Thursday, September 2, 2010

What Is the Future of the Yankee Rotation?

Yankees 4, Athletics 3. Or, as Steve Somers called them last night on WFAN, the Yankees beat the Anabolics.

The Yankees took a 4-0 lead before the A's clawed back, and it looked like A.J. Burnett was going to implode again. This time, he did not, and held on for 6 innings before the bullpen took over.

Somewhere, 92-year-old Bob Feller is laughing at the notion that pitching just 6 innings and allowing 3 runs is a "quality start." But A.J. did what the Yankees asked him to do: Hold the A's off long enough to give the lineup a chance to win it and the bullpen a chance to save it.

I've been really worried about what happens to the Yankee rotation after this season. Here's what we've got now, and what could happen next year:

1. CC Sabathia. No reason to doubt him. He may be a fat horse, but he's a horse.

2. A.J. Burnett. Much reason to doubt him this season, far more than last season when he was also a horse. Will he still be reliable next season? Is this recent slump, which has lasted since May, a phase that he's now beginning to snap out of? Or is this it? He's 33, too soon to be someone to give up on, but right now the jury is well out.

3. Andy Pettitte. Threw a simulated inning in the bullpen yesterday. Appears to be on his way back within a couple of weeks. Pitched well before he got hurt. I have no reason to doubt him in the postseason (and we will make it, as AL East Champions or as the AL Wild Card). What I doubt is whether he'll come back next season. He's 38, and even if he feels good enough to come back for a season at 39, he may decide that he's "done his bit for king and country," and had enough.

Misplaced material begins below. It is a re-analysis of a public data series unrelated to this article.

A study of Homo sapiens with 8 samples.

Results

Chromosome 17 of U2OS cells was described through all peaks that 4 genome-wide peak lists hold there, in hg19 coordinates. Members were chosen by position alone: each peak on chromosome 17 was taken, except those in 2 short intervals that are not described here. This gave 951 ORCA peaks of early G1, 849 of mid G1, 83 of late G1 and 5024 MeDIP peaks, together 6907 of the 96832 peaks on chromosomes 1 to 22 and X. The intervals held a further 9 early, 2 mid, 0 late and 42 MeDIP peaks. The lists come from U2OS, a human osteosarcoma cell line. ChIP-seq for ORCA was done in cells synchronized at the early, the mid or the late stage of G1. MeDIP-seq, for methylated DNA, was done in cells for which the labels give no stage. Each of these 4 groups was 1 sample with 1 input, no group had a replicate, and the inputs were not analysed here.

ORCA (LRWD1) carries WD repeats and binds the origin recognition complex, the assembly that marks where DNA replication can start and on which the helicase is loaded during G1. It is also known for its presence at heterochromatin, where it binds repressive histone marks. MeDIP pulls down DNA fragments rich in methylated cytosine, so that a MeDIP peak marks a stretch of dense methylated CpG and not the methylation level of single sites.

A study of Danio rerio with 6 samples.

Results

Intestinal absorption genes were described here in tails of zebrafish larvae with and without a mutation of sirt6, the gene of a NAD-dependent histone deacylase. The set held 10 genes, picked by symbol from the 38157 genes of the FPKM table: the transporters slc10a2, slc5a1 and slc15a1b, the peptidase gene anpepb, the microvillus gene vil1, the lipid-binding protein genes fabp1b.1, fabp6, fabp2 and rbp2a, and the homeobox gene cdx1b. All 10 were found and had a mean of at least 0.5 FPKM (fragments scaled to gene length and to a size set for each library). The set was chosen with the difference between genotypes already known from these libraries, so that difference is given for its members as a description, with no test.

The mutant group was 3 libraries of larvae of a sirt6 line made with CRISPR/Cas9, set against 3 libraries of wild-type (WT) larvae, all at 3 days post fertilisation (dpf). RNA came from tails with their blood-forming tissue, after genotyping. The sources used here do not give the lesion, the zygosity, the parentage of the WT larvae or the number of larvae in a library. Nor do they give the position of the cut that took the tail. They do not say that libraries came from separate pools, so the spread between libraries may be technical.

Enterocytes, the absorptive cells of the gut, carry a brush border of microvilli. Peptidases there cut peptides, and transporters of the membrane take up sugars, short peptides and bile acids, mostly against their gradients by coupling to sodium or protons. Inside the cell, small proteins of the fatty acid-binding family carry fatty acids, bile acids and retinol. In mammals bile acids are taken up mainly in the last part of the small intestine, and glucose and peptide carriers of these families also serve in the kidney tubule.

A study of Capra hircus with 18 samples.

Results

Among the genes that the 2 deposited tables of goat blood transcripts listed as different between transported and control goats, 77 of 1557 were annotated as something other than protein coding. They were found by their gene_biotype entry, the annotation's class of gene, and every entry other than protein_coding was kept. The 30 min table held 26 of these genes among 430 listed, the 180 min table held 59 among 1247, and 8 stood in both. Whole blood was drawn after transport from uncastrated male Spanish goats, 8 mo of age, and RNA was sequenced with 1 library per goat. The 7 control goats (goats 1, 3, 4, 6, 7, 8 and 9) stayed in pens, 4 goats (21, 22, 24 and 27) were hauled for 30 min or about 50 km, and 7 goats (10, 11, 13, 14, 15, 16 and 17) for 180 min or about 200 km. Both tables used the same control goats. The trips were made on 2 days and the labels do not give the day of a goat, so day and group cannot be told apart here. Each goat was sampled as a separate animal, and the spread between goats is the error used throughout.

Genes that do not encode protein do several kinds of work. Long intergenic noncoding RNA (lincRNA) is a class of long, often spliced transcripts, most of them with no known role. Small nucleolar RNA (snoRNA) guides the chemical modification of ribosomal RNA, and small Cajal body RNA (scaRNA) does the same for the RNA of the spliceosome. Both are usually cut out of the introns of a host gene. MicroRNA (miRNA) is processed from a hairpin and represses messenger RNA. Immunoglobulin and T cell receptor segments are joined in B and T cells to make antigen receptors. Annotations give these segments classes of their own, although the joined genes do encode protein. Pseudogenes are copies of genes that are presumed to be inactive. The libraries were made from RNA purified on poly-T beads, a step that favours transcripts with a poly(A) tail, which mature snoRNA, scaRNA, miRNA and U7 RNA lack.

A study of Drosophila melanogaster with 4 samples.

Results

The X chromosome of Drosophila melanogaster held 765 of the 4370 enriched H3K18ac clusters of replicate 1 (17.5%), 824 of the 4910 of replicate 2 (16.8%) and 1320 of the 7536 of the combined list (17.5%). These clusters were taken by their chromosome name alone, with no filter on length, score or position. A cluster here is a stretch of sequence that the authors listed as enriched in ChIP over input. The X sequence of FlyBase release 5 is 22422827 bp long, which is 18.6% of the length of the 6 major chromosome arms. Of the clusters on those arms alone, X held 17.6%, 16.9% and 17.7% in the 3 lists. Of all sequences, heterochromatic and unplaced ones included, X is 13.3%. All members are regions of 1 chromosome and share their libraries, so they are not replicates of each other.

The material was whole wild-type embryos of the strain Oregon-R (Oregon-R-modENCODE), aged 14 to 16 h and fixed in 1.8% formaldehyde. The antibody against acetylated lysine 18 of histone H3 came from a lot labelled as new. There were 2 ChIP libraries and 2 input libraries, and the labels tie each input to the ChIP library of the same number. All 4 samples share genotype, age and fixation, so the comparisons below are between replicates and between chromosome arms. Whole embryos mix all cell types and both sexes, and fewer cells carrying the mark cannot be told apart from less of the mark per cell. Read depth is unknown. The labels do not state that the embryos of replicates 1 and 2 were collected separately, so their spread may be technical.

4. Phil Hughes. He's been a little shaky in his last few starts, but he's 16-6 this season, 29-16 for a career, at age 24. I have lots of confidence in him.

5. Javier Vazquez. We still don't know if he can "pitch in New York." He's 10-9 this season, and that's roughly the proportion of his career thus far: 152-148. 152 wins is nothing to sneeze at, but a good pitcher should be more than 4 games over .500 at age 34, especially if he's pitched for 3 postseason teams (the 2004 and 2010 Yankees, and the 2008 Chicago White Sox).

So, for 2011 we can count on CC and Phil for sure. But Andy might not come back, and A.J. and Javy might not be reliable. And Cliff Lee, this coming off-season's big free-agent target, is in a nasty slump. Maybe that "touch of God" he had from early 2008 onward has run out, after less than 3 full seasons. So maybe the best possible replacement isn't even all that good anymore.

There are, of course, other options. Joba Chamberlain has been pitching better lately, and could be moved back to the rotation. Dustin Moseley has filled in admirably in Pettitte's injury-vacated slot. Ivan Nova has now pitched 4 games, including 2 starts, and has looked pretty good, and he's only 23.

So, out of a returning Pettitte, a restored Burnett, a consistent Vazquez, a restored Lee, a back-to-the-rotation and consistent Chamberlain, and a continuation of the recent efforts of Moseley and Nova, the Yankees need 3 of the 7. That doesn't sound like too much to ask.

I have no problem with the Yankees having a 2015 rotation with Sabathia, Hughes, Moseley and Nova. With Joba as a possible option, if he does not turn out to be the successor to Mariano Rivera. If Joba stays in the pen, then we'll have to find a 5th starter, but that could be someone no one's considered yet. After all, outside of the Yankee organization and their minor-league opponents, a month ago, who knew about Moseley and Nova?